The rise in investment and use of Artificial Intelligence (AI) in sorting for plastic recycling may be key to improving one of the greatest challenges in recycling, according to a recent report from Andrea Bassetti, senior analyst for plastics recycling at ICIS.
Sorting plastic is a multifaceted matter that makes it difficult to extract high yields and ensure high-quality feedstocks, which are essential to recyclers.
Sorting is a process that is most often done (at least as a first step) manually, relying on workers to sift through material as it rolls down a conveyor belt. Regions such as southern and central America, Asia Pacific, and Africa heavily rely on manual sorting.
This process works for uniformly shaped items, such as bottles and common container types, but leaves smaller and non-uniformly shaped items undetected with the lack of advanced sorting to often end up in the landfill.
Recent investments by companies such as AMP Robotics, Perfect Sorting Consortium (PSC), and GreyParrot have focused on improving the sorting process. In these efforts, AI technology has shown promising results.
This technology can teach robots to detect plastic waste based on a variety of attributes such as colour, shape, material, brands, and more.
According to the US Plastics Pact AMP Robotics case study, the technology specifically increases the sorting rate by 100%, effectively picking twice as many items per minute as manual sorters. Additionally, the picking is more accurate and consistent.
AMP Robotics is leading the movement in the Americas. The US Plastics Pact study details that AMP’s AI platform becomes smarter and more effective as the company deploys more robots.
They can add limitless subcategories of brand-level material to meet market demand and distribute the functionality to identify and sort it across its fleet.
The company can classify more than 100 different categories and characteristics of recyclables across single-stream recycling, e-scrap, and construction and demolition debris.
In fact, they have extended their object recognition run rate to more than 75 billion items annually thanks to its approximately 300 deployments across North America, Europe, and Japan.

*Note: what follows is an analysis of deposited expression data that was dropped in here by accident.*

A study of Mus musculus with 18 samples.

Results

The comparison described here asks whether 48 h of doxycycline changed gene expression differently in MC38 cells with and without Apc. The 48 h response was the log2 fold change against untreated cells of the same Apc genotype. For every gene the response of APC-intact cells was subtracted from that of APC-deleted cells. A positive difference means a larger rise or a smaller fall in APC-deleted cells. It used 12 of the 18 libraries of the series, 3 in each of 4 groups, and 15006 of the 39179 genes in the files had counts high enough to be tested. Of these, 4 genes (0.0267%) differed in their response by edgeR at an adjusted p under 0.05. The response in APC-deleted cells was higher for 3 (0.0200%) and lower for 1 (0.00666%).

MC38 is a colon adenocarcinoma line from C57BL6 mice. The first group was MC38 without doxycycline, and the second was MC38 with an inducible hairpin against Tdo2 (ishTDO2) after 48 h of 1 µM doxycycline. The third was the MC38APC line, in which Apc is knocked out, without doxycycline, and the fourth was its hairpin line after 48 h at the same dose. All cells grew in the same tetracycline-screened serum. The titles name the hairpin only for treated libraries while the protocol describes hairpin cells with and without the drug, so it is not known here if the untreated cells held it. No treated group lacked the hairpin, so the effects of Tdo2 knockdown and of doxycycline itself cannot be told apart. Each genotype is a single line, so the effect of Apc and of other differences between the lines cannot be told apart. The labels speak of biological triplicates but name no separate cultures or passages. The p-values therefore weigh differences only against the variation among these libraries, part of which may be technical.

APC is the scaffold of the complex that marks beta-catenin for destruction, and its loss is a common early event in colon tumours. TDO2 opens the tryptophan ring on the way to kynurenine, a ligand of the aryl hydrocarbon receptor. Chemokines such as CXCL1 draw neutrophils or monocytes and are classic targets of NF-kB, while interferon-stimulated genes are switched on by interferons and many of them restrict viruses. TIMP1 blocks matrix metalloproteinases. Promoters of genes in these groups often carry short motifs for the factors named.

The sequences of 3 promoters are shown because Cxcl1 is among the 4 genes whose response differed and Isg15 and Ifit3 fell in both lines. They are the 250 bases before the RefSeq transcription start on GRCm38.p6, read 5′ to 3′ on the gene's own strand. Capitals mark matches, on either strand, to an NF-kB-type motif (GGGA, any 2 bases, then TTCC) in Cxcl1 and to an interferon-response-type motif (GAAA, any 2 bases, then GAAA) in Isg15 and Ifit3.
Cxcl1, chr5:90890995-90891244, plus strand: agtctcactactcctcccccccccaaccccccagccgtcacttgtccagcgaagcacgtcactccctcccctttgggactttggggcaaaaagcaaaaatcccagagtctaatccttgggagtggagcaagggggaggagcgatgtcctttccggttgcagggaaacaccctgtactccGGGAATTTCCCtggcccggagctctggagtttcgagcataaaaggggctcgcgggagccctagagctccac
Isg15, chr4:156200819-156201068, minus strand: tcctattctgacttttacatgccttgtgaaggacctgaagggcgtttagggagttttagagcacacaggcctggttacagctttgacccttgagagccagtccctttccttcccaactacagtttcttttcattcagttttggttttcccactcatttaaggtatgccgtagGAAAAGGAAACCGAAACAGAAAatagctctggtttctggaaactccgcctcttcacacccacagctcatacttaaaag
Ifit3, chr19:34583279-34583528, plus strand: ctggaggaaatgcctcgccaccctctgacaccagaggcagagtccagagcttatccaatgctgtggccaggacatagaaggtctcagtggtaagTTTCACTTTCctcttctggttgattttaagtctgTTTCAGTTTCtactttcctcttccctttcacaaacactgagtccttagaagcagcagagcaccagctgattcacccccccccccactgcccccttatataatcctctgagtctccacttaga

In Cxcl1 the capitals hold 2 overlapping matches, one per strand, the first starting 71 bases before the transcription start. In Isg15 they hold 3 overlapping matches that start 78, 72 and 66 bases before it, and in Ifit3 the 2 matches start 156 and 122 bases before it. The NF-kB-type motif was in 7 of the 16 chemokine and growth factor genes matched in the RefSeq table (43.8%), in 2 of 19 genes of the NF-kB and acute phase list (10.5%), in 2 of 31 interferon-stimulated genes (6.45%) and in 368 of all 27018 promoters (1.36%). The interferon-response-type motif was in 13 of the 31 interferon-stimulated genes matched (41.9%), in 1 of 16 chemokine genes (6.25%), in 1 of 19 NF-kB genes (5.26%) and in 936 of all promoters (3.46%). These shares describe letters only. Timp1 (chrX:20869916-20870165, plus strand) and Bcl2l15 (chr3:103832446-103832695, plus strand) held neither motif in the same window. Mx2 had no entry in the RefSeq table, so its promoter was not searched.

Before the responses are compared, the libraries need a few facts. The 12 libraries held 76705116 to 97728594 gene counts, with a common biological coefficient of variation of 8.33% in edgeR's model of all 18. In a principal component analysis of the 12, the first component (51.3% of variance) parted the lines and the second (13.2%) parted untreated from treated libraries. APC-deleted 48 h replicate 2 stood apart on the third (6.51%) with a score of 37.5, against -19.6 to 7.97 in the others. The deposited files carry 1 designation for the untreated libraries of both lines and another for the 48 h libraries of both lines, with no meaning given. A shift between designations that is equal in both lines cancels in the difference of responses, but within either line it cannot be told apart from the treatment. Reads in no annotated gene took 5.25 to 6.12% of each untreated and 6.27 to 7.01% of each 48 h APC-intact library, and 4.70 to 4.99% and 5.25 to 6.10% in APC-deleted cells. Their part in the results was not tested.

In Europe, the PSC has begun to explore the use of AI in waste sorting as a complement to existing technologies as detailed in the study How AI is revolutionizing waste management by Clean Robotics.
The goal of the PSC over the next two years is to develop and AI decision model that would help separate packaging that is not currently properly sorted.
Ensuring the collaboration of recyclers and producers can contribute to the success of the development of the technology and ultimately the widespread adoption across the packaging, if not other industry, sectors.
The capability of AI to learn about packaging to the specificity of a brand’s packaging can serve as an opportunity to capture more specific packaging and directly influence what is recoverable material.
The potential increase in availability of high-quality feedstocks will in turn improve the volume of recycled materials coming through the supply chain, especially as most markets are currently structurally short in supply.
And for food contact applications, in which packaging is prevalent, high-quality feedstocks are essential but even more limited in supply today, especially across the full range of polymers utilised in this sector.
This technology is yet to be applied at a large scale. The nature of AI’s continuous learning shows that the technology should become an important and applicable solution moving forward.
However, applying this solution in a silo will not be enough to resolve sorting. Not only is there a need for significant investments to apply this at scale but product packaging design must also improve in tandem with to ensure that AI is not only becoming better at sorting existing materials and packaging but also new ones.